A decision to approve a controlled burn days before a major bushfire destroyed 116 homes on Victoria’s surf coast was risky but appropriate, Victoria’s emergency management chief says.
Emergency management commissioner Craig Lapsley was responding to claims in Fairfax newspapers that the government has not admitted the role a Department of Environment, Land, Water and Planning controlled burn may have played in the fire.
A lightning strike on December 19 in rugged forest country was the reported cause of the Wye River-Jamieson Track fire.
The Age says leaked confidential DELWP documents show officials ordered the burn three days later to control the half-hectare fire the strike caused, despite warnings it might have catastrophic consequences.
The operation involved dropping small fire bombs into inaccessible bush.
Extreme heat and high winds fanned the flames on Christmas Day.
The fire remains out of control in deep forest away from properties.
In a statement, Mr Lapsley said the decision to order the burn was deemed appropriate because fire danger days loomed and the fire could not be controlled.
“This option was discussed and approved at incident, regional and state control levels, which reflects the complexity and difficulty of having a deep-seated fire in a dry forest with excessive fuel loads with potential to increase fire intensity,” he said.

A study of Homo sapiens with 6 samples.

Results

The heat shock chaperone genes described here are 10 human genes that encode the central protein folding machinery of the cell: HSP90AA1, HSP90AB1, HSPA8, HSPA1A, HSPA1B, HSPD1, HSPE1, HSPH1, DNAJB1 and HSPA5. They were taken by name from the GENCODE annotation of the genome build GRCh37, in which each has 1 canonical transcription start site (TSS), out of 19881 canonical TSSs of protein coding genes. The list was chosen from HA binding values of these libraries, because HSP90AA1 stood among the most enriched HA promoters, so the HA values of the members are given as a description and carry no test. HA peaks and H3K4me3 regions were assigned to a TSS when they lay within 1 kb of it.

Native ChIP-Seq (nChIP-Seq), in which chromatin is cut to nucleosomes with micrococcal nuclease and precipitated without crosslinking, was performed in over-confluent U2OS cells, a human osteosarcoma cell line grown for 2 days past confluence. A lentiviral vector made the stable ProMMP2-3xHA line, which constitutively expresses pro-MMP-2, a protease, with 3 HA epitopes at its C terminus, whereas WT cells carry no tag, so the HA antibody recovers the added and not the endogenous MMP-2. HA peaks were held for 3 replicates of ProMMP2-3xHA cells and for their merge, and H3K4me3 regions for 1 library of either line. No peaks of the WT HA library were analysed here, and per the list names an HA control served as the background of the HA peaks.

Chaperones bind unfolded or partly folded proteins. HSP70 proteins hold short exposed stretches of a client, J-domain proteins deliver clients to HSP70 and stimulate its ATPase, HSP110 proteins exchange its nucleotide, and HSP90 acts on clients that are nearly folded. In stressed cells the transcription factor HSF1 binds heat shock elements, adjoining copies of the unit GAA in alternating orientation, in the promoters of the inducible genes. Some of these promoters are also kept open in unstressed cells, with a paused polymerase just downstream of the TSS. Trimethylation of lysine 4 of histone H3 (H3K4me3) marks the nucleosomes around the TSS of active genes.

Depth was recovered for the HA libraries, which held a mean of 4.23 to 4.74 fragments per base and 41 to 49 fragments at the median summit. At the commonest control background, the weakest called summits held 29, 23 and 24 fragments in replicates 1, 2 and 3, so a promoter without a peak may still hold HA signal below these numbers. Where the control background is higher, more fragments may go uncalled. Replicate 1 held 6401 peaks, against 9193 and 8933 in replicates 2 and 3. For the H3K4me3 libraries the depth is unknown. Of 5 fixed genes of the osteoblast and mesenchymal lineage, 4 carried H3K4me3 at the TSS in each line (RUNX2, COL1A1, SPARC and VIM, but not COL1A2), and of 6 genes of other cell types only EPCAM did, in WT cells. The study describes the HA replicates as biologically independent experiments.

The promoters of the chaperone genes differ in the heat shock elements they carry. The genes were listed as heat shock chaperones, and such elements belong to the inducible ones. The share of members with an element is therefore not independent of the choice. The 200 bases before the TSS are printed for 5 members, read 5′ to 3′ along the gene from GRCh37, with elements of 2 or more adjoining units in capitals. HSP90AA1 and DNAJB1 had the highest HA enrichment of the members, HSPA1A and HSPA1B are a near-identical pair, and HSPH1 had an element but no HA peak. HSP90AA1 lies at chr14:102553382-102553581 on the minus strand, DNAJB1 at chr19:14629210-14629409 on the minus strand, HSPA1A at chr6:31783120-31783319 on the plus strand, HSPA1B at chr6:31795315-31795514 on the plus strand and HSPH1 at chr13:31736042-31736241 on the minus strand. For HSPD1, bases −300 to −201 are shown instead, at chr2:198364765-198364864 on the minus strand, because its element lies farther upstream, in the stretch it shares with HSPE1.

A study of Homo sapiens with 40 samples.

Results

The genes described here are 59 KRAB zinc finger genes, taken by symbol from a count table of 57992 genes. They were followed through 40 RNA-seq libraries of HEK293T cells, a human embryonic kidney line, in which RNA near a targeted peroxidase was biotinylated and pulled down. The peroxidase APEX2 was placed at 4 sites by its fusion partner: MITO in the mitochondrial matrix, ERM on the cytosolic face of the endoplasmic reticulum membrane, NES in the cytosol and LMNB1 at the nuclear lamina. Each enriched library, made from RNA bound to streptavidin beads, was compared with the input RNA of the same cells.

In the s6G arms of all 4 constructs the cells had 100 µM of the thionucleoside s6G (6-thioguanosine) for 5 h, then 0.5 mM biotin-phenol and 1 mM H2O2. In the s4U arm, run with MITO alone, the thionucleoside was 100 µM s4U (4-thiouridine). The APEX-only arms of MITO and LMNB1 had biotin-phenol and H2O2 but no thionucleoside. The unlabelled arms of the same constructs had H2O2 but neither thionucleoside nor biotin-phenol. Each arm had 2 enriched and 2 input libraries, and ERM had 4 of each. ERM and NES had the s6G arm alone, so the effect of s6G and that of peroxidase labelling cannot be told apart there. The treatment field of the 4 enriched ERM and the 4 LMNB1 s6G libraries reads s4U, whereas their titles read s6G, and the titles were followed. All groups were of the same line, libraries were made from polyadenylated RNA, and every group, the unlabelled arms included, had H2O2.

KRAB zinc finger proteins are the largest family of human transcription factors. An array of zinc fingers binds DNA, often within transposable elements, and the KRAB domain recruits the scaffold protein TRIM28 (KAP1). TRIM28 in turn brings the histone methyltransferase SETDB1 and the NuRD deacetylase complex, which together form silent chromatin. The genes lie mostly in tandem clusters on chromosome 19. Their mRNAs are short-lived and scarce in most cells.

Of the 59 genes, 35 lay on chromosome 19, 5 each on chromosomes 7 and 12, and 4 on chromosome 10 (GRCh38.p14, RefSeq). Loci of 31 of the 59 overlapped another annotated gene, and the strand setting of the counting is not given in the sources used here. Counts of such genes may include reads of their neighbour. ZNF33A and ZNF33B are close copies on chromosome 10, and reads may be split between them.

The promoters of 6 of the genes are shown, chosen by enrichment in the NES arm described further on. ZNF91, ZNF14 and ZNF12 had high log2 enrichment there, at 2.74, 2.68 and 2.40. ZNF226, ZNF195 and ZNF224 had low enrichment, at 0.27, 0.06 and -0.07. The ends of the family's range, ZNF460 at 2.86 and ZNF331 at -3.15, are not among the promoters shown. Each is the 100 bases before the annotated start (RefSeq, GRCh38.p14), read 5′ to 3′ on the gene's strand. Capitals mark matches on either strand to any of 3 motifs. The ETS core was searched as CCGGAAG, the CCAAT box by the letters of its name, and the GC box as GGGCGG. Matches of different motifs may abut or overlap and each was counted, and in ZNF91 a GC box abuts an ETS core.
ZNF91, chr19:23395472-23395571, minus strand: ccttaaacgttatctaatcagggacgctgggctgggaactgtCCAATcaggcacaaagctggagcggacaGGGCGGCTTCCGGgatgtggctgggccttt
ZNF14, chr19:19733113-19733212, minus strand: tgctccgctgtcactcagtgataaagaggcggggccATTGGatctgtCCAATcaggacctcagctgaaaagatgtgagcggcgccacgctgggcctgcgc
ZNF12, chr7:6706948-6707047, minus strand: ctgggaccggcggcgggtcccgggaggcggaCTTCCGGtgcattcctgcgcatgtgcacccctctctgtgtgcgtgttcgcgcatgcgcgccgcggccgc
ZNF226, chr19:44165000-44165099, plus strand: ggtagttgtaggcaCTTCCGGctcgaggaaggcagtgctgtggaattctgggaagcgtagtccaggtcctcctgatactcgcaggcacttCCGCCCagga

“This fuel had to be removed to reduce intensity and fire spread.”
The dry, inaccessible terrain made the operation “complex and challenging”, he said.
“The risks were understood, and it was judged it would be riskier not to undertake the back burn,” he said.
Communities were briefed about the strategy and the difficulty of controlling the fire, Mr Lapsley said.
The Christmas Day fire came from the area of the lightning strike, he said.
The state government has promised a thorough investigation by the state’s emergency management inspector-general.
DELWP was savagely criticised in an investigation to a controlled burn it set in state forest near Lancefield in early October, which ran out of control in extreme weather, burning four homes and destroying 3000 hectares.